Portsmouth cosmologists recognised for contribution to major new space mission

NASA satellite-600x400

Major new space mission aims to understand why the expansion of the Universe is accelerating

  • 06 May 2020
  • 5 min read

Cosmologists from the University of Portsmouth have been recognised for their crucial contribution to the European Space Agency’s (ESA) Euclid satellite mission.

Euclid, which is due for launch in 2022, aims to understand why the expansion of the Universe is accelerating and what is the mysterious and unknown ‘dark energy’, the source responsible for this acceleration that represents around 75 per cent of the Universe.

Professor Bob Nichol, Pro Vice-Chancellor (Research) and Professor Adam Amara, Royal Society Wolfson Fellow in the University’s Institute of Cosmology and Gravitation (ICG), are named as ‘Founders’ for their substantial contributions to the “Euclid Consortium” - the single team that has the scientific responsibility of the mission, the data production and of the scientific instruments.

Professor Nichol said: “I am extremely proud of our joint work with colleagues across Europe on this great scientific mission. While it’s nice to receive this personal recognition, it does reflect the long-term commitment of many in Portsmouth and across the UK to work with colleagues on major international science projects like the Euclid mission. What gives me most pleasure is the prominence of the ICG in this amazing space project alongside more traditional universities.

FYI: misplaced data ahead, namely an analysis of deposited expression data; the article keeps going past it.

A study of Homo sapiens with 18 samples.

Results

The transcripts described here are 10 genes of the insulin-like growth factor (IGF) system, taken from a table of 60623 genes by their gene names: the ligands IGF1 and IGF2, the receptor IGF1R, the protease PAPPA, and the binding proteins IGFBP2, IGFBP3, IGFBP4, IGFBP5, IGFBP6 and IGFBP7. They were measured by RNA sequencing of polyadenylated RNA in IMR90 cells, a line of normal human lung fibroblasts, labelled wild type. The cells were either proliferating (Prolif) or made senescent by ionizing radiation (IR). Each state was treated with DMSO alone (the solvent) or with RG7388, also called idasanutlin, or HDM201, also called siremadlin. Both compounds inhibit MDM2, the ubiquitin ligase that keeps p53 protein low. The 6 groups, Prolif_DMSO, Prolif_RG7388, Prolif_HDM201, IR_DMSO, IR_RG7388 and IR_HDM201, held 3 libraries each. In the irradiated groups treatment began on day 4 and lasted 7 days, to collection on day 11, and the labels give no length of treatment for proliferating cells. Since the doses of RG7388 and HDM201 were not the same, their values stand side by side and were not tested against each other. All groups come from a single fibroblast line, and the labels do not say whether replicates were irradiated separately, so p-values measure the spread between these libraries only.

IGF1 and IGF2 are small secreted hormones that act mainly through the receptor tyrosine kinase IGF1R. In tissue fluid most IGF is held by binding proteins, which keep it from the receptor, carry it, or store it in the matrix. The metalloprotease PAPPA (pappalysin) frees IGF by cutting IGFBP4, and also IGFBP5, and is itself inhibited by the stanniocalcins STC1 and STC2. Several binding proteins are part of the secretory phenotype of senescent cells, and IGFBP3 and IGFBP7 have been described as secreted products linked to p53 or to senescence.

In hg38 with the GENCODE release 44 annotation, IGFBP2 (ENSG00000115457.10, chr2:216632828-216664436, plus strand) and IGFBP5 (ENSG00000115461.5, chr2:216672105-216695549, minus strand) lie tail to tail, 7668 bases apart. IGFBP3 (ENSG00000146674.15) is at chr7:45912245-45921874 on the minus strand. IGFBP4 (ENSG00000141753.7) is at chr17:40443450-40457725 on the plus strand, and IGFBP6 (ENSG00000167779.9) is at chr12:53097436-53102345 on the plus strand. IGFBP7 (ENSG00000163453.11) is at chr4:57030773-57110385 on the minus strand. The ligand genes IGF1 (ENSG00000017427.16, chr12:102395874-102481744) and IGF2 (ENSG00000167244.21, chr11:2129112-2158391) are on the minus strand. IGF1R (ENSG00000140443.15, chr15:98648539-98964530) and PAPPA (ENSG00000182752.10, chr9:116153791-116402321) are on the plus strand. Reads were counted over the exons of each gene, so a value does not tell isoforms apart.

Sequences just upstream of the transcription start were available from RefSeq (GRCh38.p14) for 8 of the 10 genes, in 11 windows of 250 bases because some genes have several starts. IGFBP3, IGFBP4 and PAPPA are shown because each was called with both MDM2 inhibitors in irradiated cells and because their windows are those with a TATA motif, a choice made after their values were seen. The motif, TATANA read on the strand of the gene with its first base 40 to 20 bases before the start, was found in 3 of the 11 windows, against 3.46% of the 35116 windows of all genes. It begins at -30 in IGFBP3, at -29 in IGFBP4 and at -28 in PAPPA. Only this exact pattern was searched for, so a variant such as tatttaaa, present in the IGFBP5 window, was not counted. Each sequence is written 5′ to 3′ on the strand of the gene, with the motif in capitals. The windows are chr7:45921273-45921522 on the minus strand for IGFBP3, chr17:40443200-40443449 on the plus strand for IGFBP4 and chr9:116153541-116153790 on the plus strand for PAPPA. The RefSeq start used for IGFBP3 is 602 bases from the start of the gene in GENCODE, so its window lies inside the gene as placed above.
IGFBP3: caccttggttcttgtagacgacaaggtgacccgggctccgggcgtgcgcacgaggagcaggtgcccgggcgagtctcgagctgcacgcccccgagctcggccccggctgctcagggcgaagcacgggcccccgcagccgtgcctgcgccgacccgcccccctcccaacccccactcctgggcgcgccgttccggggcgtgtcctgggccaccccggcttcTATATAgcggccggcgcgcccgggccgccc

I am extremely proud of our joint work with colleagues across Europe on this great scientific mission.

Professor Bob Nichol, Pro Vice-Chancellor (Research)

Professor Adam Amara said: “This critical mission will help us to answer questions related to fundamental physics and cosmology on the nature and properties of dark energy, dark matter and gravity. By exploring how the Universe evolved over the past 10 billion years, Euclid will also provide insightful information on the physics of the early universe and on the initial conditions at the formation of cosmic structure.”

The imprints of dark energy and gravity will be tracked by using two complementary cosmological probes to capture signatures of the expansion rate of the Universe and the growth of cosmic structures: Weak gravitational Lensing and Galaxy Clustering (Baryonic Acoustic Oscillations and Redshift Space Distortion).

The complete survey represents hundreds of thousands images and several tens of Petabytes of data. About 10 billion sources will be observed by Euclid out of which more than one billion will be used for weak lensing and several tens of million galaxy redshifts will be also measured and used for galaxy clustering. The scientific analysis and interpretation of these data is led by the scientists of the Euclid Consortium.